Even though bariatric surgery is one of the most effective treatment option of obesity, post-surgical weight loss is not always ensured, especially in the long term, when many patients experience weight regain. Bariatric procedures are largely based on surgeon's expertise and intra-operative decisions, while an integrated in-silico approach could support surgical activity. The effects of bariatric surgery on gastric distension, which activates the neural circuitry promoting satiety, can be considered one of the main factors in the operation success. This aspect can be investigated trough computational modelling based on the mechanical properties of stomach tissues and structure. Mechanical tests on gastric tissues and structure from people with obesity are carried out, as basis for the development of a computational model. The samples are obtained from stomach residuals explanted during laparoscopic sleeve gastrectomy interventions. Uniaxial tensile and stress relaxation tests are performed in different directions and inflation tests are carried out on the entire stomach residual. Experimental results show anisotropic, non-linear elastic and time-dependent behavior. In addition, the mechanical properties demonstrate to be dependent on the sample location within the stomach. Inflation tests confirm the characteristics of time-dependence and non-linear elasticity of the stomach wall. Experimental activities developed provide a unique set of data about the mechanical behavior of the stomach of patients with obesity, considering both tissues and structure. This data set can be adopted for the development of computational models of the stomach, as support to the rational investigation of biomechanical aspects of bariatric surgery.

Biomechanics of stomach tissues and structure in patients with obesity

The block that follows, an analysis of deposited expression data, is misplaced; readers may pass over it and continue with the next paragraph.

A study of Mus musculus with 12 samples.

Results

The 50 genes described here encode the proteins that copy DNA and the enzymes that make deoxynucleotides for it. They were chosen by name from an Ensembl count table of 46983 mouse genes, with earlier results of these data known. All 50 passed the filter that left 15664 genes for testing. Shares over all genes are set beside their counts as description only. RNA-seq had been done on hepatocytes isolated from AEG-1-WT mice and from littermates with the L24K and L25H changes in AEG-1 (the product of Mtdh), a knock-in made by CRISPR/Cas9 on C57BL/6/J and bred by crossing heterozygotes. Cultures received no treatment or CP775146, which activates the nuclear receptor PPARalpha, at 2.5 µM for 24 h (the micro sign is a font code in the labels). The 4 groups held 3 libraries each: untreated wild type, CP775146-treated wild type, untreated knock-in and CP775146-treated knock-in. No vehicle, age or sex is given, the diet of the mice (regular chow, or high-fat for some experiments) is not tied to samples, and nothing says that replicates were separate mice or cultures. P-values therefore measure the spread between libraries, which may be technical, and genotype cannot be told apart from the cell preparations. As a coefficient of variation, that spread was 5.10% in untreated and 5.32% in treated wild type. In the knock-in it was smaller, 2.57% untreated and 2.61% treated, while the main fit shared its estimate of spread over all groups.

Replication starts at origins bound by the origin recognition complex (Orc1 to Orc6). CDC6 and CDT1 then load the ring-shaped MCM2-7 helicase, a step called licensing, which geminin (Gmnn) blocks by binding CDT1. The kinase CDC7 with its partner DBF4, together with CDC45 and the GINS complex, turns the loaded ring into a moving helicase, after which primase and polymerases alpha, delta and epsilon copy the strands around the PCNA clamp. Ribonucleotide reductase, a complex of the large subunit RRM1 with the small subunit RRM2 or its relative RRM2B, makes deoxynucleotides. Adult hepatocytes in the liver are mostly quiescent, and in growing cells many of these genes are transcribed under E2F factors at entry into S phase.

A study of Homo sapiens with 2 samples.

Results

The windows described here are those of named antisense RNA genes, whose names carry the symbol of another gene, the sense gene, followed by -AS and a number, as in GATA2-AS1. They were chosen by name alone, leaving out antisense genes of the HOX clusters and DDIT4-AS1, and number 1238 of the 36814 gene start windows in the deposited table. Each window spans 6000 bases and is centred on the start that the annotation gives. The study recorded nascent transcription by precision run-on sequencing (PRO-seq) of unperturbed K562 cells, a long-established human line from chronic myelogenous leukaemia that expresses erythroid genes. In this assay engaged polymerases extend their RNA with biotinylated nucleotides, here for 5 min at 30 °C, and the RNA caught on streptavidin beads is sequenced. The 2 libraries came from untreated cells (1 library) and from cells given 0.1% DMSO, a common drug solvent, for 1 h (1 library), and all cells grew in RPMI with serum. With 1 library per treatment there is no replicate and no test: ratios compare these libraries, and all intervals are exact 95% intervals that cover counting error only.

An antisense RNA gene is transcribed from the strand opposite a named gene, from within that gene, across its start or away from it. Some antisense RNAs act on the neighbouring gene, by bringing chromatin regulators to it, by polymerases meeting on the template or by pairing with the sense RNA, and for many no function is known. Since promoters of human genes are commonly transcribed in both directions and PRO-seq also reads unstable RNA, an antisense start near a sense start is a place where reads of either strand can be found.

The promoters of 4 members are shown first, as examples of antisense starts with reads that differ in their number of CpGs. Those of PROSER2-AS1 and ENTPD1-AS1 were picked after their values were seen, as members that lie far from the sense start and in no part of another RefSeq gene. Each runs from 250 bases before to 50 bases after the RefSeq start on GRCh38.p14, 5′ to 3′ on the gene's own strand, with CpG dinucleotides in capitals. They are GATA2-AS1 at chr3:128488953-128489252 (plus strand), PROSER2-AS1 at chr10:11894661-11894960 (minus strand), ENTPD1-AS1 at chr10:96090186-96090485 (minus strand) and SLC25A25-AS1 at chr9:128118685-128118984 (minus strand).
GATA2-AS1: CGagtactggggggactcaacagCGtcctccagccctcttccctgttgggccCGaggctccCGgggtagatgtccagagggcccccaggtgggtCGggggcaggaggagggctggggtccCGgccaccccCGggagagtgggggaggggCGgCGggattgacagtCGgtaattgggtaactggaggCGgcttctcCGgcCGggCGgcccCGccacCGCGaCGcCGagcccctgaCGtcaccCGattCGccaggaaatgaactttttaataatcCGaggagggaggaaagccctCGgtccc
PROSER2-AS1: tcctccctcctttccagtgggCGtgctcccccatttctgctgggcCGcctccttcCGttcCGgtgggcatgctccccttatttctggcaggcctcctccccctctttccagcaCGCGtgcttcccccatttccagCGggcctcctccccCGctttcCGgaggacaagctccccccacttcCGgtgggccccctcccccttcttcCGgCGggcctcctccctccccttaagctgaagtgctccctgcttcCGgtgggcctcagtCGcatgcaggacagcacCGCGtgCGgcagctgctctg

Carniel E. L.;Fontanella C. G.;Pavan P. G.;Todros S.;Toniolo I.;Foletto M.
2020

Abstract

Even though bariatric surgery is one of the most effective treatment option of obesity, post-surgical weight loss is not always ensured, especially in the long term, when many patients experience weight regain. Bariatric procedures are largely based on surgeon's expertise and intra-operative decisions, while an integrated in-silico approach could support surgical activity. The effects of bariatric surgery on gastric distension, which activates the neural circuitry promoting satiety, can be considered one of the main factors in the operation success. This aspect can be investigated trough computational modelling based on the mechanical properties of stomach tissues and structure. Mechanical tests on gastric tissues and structure from people with obesity are carried out, as basis for the development of a computational model. The samples are obtained from stomach residuals explanted during laparoscopic sleeve gastrectomy interventions. Uniaxial tensile and stress relaxation tests are performed in different directions and inflation tests are carried out on the entire stomach residual. Experimental results show anisotropic, non-linear elastic and time-dependent behavior. In addition, the mechanical properties demonstrate to be dependent on the sample location within the stomach. Inflation tests confirm the characteristics of time-dependence and non-linear elasticity of the stomach wall. Experimental activities developed provide a unique set of data about the mechanical behavior of the stomach of patients with obesity, considering both tissues and structure. This data set can be adopted for the development of computational models of the stomach, as support to the rational investigation of biomechanical aspects of bariatric surgery.